Pachinko Parlors Led to Restrictive Japanese Casino Laws
Here’s a quick question: which country’s people spend more on gaming machines than any other country in the world? You might be tempted to say the United States spends the most on gaming machines, because of its huge slot machine industry.
Informed readers might think of Australia, because Aussies spend more per capita on poker machines or “pokies” than any other set of gamblers. But that statistics’ key phrase is “per capital”.
The answer is Japan, even before its ever opened a legal land-based casinos. Japanese residents spend $200 billion a year on pachinko, a gaming machine which seems to cross pinball machines with video games.
The pachinko industry is shrouded in mystery in Japan, due to many common misconceptions. An underlying bias against pachinko caused an underlying bias against gambling in general among Japanese voters. That disdain for gambling had an effect on the recent IR Bill passed by the Japanese parliament.
Japanese Pachinko Industry
That’s right. Japanese pachinko parlors generate 30 times the annual gaming revenue than Las Vegas generates on all forms of gambling. Even if you added in all the slot machine revenues in the commercial casinos, tribal casinos, racinos, and video lottery terminals across the United States, it still would not equal Japan’s pachinko industry.
If you added in the electronic roulette and blackjack studios, the legal 8-liner stores, and the virtual sports betting that goes on in the USA, that would not total the amount pachinko players pay. The sheer amount of interest Japanese have in gambling is remarkable.
How Pachinko Works?
Pachinko requires players to drop as many silver balls through a hole in the bottom of the screen by manipulating a single wheel which shoots the balls into the panchinko field. From afar, the game looks a bit like a pinball machine, if lots of pinballs were active in the game at once.
The gaming revenue from Japan’s 10,600 pachinko parlors exists in a gray area in the law. It is illegal to gamble in Japan — even technically illegal to bet on pachinko. Well, it is techically illegal to spend real money on pachinko and receive cash in return. Players are paid in silver pachinko balls.
The catch is the vendor stations near every one of the ten thousand pachinko parlors. Once you step outside the parlor, you can take your bucket of balls to a vending station, which looks like a ticket station at your local state fair. The vendors exchange the balls for real cash, thus circumventing the Japanese anti-gambling laws.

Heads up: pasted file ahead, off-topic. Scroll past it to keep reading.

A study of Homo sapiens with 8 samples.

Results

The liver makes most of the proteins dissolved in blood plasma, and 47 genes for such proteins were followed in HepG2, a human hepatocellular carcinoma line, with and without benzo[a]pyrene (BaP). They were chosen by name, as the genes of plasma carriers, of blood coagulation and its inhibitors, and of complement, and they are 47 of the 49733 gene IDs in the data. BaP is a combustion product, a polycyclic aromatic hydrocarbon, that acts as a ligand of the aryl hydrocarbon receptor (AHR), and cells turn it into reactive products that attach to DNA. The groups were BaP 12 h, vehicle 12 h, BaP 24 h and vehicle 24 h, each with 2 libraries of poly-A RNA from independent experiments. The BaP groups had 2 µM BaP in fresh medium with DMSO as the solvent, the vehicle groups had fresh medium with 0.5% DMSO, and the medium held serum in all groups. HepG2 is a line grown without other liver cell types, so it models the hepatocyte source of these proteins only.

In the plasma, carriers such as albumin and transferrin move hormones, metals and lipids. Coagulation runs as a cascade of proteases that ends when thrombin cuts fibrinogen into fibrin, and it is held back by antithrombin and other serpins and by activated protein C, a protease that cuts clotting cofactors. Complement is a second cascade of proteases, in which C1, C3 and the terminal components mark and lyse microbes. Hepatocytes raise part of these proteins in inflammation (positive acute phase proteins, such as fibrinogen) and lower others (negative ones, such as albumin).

Pachinko Parlor Economics Explained
Min Jin Lee, who wrote Pachinko, a popular historical fiction book in Japan, explained to Business Insider recently, “Every single ball is equal to a certain amount of points and those points get redeemed at the prizes counter.
“Let’s say you’ll get a bar of soap, or you get a Hermes bag, depending on how much you win. But then maybe you don’t want to have 10 Hermes bags, or 100 bars of soap. So you take your winnings and you convert it far away in an alley for cash.”
In such a way, one of the world’s largest gaming markets operates.
60% of Japanese Do Not Want Casinos
The pachinko craze is one reason that 60% of Japanese voters were against brick-and-mortar casino gambling in Japan. Those voters were well aware of how much Japanese citizens might spend in a casino. They believe casinos could increase gambling addiction and cause social disharmony.
Japanese voters also equate gambling with organized crime. Pachinko parlors long have been rumored to be owned by Japanese organized crime, the Yakuza. In a way, the pachinko industry in Japan is seen the way the casino industry was seen in 1950s and 1960s — fun and full of light, but possibly contributing to mobsters.
That common perception comes from a slander of foreigners: in this case Korean immigrants.
Koreans Run Pachinko Industry
The truth is much different: Korean immigrants run most of the pachinko industry. Japan is a homogenous society and they do not readily accept Koreans, whom they consider gaijin.
Min Jin Lee explained how it came to be: “The reason that the Koreans ended up in Pachinko parlours is because they weren’t able to get jobs anywhere else, so it became a place of employment, a safe haven for people who could not achieve regular goals like being a postal worker, or being a truck driver, or being a teacher.”
Noting that Korean women run barbecue restaurants in Japan, Min Jin Lee said, “Women go into food services, men go into gambling. And then, generationally, they become very important in this world.”
The author said she was unaware of the truth about pachinko until she moved to Japan from Seoul, South Korea. The author said, “I did not know until I lived in Japan that it was a business dominated by the Korean Japanese. It’s also seen as very second class and kind of vulgar and dirty and dangerous business.”
Restrictive Japanese Casino Law
That is why Shinzo Abe’s Liberal Democratic Party had to negotiate strict terms to the Integrated Resort (IR) Bill with the social conservative Komeito Party in order to see the casino bill pass. The LDP’s leaders understood that the Komeito Party ultimately had a solid majority of voters on their side of the issue.
In such circumstances, it is a minor miracle that Shinzo Abe passed the bill at all. No one knows how much of a financial hit the pachinko industry will take from the installation of three integrated resort-casinos in Japan’s metropolises. Possibly it won’t be as much as one would think, due to the fact the pachinko parlors are local throughout the Japanese islands.